We had planned to visit the MollyDooker winery — home of our favorite wines — from nearly the moment we knew we were coming to Australia. We were first introduced to the brand in 2006, when Him’s mom bought a bottle of the 2005 Shiraz, The Boxer. Since that time, we’ve celebrated family birthdays and holidays by gifting various MollyDooker wines.

The logistics of actually getting to MollyDooker, however, were a bit of a challenge. We knew the winery offered its most in-depth (4 hours!) tour on Mondays, so we planned our visit to Adelaide around that day. After picking up our rental car on Sunday, we killed some time visiting Barossa Valley, touring the Lyndoch Lavender Farm and sampling wine at both Penfolds and Jacob’s Creek. By then, it was late afternoon and time to head south to McLaren Vale in search of lodging. We followed the B19 back toward Adelaide and then switched over to A13, which eventually becomes a frustrating obstacle course around construction for a future highway overpass. Overwhelmed, Him was soon seething and vowing revenge against the asphalt.

I’ve never learned to drive a manual, so Him had to pilot this particular rental solo, and his frustration with South Australian motorways had been mounting all day. The roads in this state have a peculiar habit of indicating a turn just after one passes said turn. To add to the confusion, street sign arrows seem to suggest a compromise between available routes — especially if there’s a roundabout involved. My ineptitude as a navigator didn’t help matters, and we were soon lost in a suburban maze known as Morphett Vale. We extricated ourselves from the neighborhood only to drive right past the subtly marked detour to McLaren Vale.

We were unable to turn around until Willunga, and by then it was 7:30 p.m. The reception desks of the McLaren Vale Lakeside Caravan Park, the Bellevue B&B and the Southern Vales B&B were dark. Some subsequent investigation revealed that the Hotel McLaren — despite the name — is not a hotel but a bar, and the McLaren Cottage is not exactly open to the general public.

“That’s odd,” I thought, stepping across the cottage threshold and glancing through the open bedroom door on my left. A teenage girl sat up in bed and yanked the covers as if to hide herself.  “This looks like a private house.”

I averted my eyes from the girl and addressed the family seated at a kitchen table. “We’re looking for a room. Where’s reception?”

Three stunned faces turned toward Him and I. Alerted, a pack of small dogs sprang from their feet and gathered around our ankles.

“Oh!’ said the man, jumping up from the table and ushering us back toward the door, five or six dogs trailing behind. “This isn’t a hotel. We rent this from the owners.”

I couldn’t stop laughing. Him, hungry and fatigued from driving, wasn’t so amused.

Although the McLaren Vale Motel & Apartments was slightly out of our price range, the kind lady at reception took pity and directed us toward the Moana Tourist Park, located on the the coast about 7 km away. We searched and found the proprietor there, but he indicated council rules mandated we stay for at least two nights — in a cabin well outside our price range.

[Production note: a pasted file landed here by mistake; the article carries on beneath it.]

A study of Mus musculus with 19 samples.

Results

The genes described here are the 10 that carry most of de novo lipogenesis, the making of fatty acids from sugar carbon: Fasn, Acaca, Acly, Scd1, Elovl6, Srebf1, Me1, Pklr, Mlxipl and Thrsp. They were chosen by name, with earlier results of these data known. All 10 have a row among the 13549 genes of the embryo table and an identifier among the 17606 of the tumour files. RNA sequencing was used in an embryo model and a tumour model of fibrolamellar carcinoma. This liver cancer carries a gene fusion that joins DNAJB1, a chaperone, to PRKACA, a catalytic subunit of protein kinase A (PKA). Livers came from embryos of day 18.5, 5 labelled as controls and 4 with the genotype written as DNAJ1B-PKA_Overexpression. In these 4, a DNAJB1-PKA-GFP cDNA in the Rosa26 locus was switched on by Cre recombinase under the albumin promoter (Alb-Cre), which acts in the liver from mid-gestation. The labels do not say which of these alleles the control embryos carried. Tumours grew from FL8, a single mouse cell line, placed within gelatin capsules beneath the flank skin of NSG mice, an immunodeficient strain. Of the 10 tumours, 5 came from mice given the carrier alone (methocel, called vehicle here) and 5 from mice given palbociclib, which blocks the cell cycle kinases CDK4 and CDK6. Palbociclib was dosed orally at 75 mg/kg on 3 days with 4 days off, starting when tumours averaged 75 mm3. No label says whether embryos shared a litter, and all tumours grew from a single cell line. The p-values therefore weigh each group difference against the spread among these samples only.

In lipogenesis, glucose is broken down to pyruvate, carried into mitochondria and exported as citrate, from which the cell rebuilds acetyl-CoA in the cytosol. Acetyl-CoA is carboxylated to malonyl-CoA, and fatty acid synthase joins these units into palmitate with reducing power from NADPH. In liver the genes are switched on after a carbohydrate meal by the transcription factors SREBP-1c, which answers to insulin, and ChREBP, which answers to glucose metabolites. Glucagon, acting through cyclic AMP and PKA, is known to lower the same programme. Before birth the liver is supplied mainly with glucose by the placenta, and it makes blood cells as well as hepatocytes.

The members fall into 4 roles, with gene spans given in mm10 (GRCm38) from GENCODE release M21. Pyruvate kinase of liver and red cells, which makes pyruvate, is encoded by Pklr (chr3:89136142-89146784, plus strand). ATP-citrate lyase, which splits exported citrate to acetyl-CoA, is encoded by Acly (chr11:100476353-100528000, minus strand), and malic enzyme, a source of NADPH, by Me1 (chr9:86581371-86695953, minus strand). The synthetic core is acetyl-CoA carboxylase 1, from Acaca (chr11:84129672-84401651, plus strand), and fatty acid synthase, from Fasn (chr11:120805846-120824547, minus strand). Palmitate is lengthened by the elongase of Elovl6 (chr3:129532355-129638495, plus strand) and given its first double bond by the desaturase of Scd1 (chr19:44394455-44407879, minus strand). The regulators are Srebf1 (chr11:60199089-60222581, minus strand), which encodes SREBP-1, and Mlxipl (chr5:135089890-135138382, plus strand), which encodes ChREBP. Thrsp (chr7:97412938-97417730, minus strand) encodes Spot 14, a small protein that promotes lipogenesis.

Him had had enough. He decided we would drive south, 45 minutes past McLaren Vale, to stay at the Port Elliot YHA — which closed for the night in 45 minutes. I suggested B23, a route that ultimately sent us much farther west than I anticipated. Now distrustful of my directions, Him personally the map every street sign we passed. He was deep in perturbed thought when a family of kangaroos hopped in front of the car.

“WHOA!” Him shouted, stomping the breaks. In unison, we lurched toward the dashboard and then slammed back into our seats. Two of the kangaroos stood in the center of the road, feet from the Honda i20. A third — apparently the brains of the outfit — was paused at the edge of the road. We watched in silence as the three turned their heads to regard us then turned them back toward their destination and hopped away. I was too stunned to grab the videocamera until it was too late.

I kept the videocamera in my lap the remainder of the drive to Port Elliot, occasionally urging additional kangaroo families to appear just as Him urged them to remain hidden. But the remainder of the drive was kangaroo-free, and we arrived in Port Eliot without further incident.

Upon learning the YHA had closed for the night, we stumbled into the Royal Family Hotel, located directly above the Royal Family Bar. Although it seemed a fair number of guests had recently departed, the old building was completely empty when we checked in. In terms of pub accommodations, the hotel was clean and comfortable, but it incorporated just enough features from our mental encyclopedia of haunted house staples to keep us on edge: doors with extremely low knobs, doors with extremely high knobs, small square bedrooms with 15-foot ceilings and dark hallways leading to even darker bathrooms with cavernous claw-foot tubs. Flipping through the “Ghosts Caught on Film” coffee table book left in the shared parlor only made matters worse. When the popsicle sticks keeping our room’s window from rattling fell, I nearly shot out of bed.

So, in summary, be sure to book your McLaren Vale accommodation before 8 p.m. or you may find yourself playing mind games with popsicle sticks in Port Elliot.